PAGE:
FY23 Appropriations Update: Bipartisan, Bicameral Agreement Reached to Finalize Budget; One Week CR Moving Forward
It has been a slow process for Congress to finalize the Fiscal Year 2022 budget. With the chaos caused by the fallout of the Midterm Election in November, and the typical political gamesmanship that happens when Congress tries to finish their work at the end of the year, it’s a good sign that late last night Congressional appropriators announced a bipartisan, bicameral agreement to finalize the yearly federal budget. That’s the good news.
The worrying news is that no details of the agreement have been made public. However, the word around Washington is that appropriators have largely settled on a 10 percent increase in defense spending. That means the disagreement has been on nondefense spending, which includes most federal research agencies. While we are also hearing that spending is likely get a boost too, this brings to mind how Fiscal Year 2022 (ie: last year’s budget) was finalized. That legislation was disappointing, particularly for NSF. But we will have to wait for legislative language to be released before knowing anything specific.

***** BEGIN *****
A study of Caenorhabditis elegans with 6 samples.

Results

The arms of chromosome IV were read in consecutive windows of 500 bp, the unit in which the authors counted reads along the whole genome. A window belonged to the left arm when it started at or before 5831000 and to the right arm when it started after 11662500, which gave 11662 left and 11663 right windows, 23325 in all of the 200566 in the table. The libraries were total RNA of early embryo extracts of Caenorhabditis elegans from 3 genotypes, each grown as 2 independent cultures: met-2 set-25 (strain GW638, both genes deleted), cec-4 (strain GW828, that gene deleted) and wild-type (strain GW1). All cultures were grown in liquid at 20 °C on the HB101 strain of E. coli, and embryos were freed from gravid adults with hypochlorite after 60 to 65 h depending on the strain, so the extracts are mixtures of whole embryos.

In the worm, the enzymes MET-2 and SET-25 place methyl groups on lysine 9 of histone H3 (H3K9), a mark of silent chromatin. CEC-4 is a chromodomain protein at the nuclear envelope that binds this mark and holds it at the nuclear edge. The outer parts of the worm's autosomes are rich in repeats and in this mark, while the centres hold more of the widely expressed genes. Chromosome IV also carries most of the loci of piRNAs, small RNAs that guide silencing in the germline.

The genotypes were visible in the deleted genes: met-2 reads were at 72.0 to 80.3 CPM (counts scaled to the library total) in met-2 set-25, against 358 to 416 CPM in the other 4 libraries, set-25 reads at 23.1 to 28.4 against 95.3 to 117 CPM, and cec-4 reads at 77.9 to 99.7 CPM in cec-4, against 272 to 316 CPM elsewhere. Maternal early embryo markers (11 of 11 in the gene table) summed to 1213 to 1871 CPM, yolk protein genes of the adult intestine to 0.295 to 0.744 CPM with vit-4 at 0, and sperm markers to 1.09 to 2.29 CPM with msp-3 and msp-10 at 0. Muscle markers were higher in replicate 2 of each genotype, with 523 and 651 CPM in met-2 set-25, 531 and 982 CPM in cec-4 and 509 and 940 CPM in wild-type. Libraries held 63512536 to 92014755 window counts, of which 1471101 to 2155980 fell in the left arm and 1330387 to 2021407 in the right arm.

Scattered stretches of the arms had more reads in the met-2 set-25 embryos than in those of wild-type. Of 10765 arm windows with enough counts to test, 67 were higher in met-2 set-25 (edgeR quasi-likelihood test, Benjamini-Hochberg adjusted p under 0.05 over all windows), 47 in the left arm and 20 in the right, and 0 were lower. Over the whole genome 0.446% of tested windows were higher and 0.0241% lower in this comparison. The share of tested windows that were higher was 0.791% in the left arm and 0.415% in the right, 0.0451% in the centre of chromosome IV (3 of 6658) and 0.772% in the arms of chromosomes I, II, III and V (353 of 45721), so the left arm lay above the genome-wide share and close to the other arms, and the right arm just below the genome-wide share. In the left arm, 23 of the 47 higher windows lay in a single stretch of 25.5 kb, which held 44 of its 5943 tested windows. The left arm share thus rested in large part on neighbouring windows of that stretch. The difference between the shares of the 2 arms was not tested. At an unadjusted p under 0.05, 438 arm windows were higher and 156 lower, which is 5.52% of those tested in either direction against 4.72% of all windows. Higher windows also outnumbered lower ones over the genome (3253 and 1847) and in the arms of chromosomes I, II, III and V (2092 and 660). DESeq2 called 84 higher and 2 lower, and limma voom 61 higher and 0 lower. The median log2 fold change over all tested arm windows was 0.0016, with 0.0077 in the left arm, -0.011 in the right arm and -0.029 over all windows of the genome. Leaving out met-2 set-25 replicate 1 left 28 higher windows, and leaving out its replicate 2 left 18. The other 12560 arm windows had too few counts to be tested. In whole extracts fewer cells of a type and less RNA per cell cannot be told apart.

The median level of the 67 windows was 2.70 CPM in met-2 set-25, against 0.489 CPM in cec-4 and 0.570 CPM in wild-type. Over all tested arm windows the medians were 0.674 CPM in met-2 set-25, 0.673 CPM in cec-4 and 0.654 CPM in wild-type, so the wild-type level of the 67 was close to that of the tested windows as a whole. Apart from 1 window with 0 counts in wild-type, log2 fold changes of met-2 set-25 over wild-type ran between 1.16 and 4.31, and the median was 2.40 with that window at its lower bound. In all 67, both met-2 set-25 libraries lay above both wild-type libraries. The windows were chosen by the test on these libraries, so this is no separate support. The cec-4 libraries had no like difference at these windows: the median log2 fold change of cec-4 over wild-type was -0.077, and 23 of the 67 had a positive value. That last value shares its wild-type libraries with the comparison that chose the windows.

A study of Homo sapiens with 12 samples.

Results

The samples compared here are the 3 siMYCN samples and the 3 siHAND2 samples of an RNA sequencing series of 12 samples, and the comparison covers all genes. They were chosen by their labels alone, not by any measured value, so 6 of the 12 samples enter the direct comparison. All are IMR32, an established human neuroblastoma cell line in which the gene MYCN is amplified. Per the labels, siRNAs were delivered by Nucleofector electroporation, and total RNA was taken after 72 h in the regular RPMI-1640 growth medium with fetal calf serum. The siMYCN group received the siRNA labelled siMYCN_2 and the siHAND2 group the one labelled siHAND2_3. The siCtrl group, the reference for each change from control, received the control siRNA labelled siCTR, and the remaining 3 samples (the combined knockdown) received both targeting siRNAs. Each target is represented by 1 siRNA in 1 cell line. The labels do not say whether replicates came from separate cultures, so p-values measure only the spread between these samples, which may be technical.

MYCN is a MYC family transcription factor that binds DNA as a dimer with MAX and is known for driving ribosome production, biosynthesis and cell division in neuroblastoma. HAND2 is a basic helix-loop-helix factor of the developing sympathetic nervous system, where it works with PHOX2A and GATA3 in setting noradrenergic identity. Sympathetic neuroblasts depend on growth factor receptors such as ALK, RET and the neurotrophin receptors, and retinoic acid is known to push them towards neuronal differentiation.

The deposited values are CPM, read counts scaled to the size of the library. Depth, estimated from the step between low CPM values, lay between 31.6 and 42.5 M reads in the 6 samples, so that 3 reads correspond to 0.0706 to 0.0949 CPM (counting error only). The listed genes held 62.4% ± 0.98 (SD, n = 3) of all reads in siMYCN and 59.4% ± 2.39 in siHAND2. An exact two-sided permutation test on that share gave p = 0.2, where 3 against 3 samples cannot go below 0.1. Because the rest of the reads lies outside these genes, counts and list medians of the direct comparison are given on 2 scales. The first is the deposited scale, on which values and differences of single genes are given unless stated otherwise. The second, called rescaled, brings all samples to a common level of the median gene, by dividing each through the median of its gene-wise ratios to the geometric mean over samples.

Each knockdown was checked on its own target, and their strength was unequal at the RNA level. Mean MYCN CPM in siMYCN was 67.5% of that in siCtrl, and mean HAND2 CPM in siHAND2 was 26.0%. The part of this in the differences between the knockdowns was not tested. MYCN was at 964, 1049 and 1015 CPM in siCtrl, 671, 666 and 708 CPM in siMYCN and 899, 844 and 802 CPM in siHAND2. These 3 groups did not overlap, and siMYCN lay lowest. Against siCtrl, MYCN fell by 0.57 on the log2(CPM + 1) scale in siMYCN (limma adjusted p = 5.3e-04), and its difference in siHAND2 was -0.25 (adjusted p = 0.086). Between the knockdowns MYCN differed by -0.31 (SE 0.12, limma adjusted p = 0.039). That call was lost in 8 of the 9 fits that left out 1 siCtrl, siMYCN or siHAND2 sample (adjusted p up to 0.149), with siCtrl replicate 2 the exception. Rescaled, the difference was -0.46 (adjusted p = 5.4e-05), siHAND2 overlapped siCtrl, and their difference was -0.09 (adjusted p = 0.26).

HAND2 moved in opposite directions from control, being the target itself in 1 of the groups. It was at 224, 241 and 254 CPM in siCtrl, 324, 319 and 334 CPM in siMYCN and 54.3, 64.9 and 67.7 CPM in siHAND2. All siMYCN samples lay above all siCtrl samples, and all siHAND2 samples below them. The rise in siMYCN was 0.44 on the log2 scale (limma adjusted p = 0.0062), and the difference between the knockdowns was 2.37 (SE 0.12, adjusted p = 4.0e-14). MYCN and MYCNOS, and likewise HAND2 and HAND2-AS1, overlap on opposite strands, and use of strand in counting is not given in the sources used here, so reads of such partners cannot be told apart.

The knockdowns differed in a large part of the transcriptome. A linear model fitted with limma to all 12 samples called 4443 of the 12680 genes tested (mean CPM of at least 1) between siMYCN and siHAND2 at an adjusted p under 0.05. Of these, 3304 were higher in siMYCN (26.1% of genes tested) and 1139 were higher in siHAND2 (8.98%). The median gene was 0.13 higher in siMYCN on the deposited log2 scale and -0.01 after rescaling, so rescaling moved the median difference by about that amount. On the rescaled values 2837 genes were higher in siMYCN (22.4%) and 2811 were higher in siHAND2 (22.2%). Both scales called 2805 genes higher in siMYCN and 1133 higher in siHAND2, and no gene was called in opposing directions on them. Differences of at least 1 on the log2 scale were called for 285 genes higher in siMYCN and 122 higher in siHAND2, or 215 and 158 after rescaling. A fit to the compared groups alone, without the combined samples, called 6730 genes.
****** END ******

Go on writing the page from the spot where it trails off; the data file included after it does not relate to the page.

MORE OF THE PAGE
While the appropriators work, both chambers will move forward with a one-week continuing resolution (CR) to buy them time. The new deadline will be December 23rd. The House is expected to vote on the CR today; the Senate will likely act late Thursday or Friday. The situation is still fluid, so please keep checking back for more updates.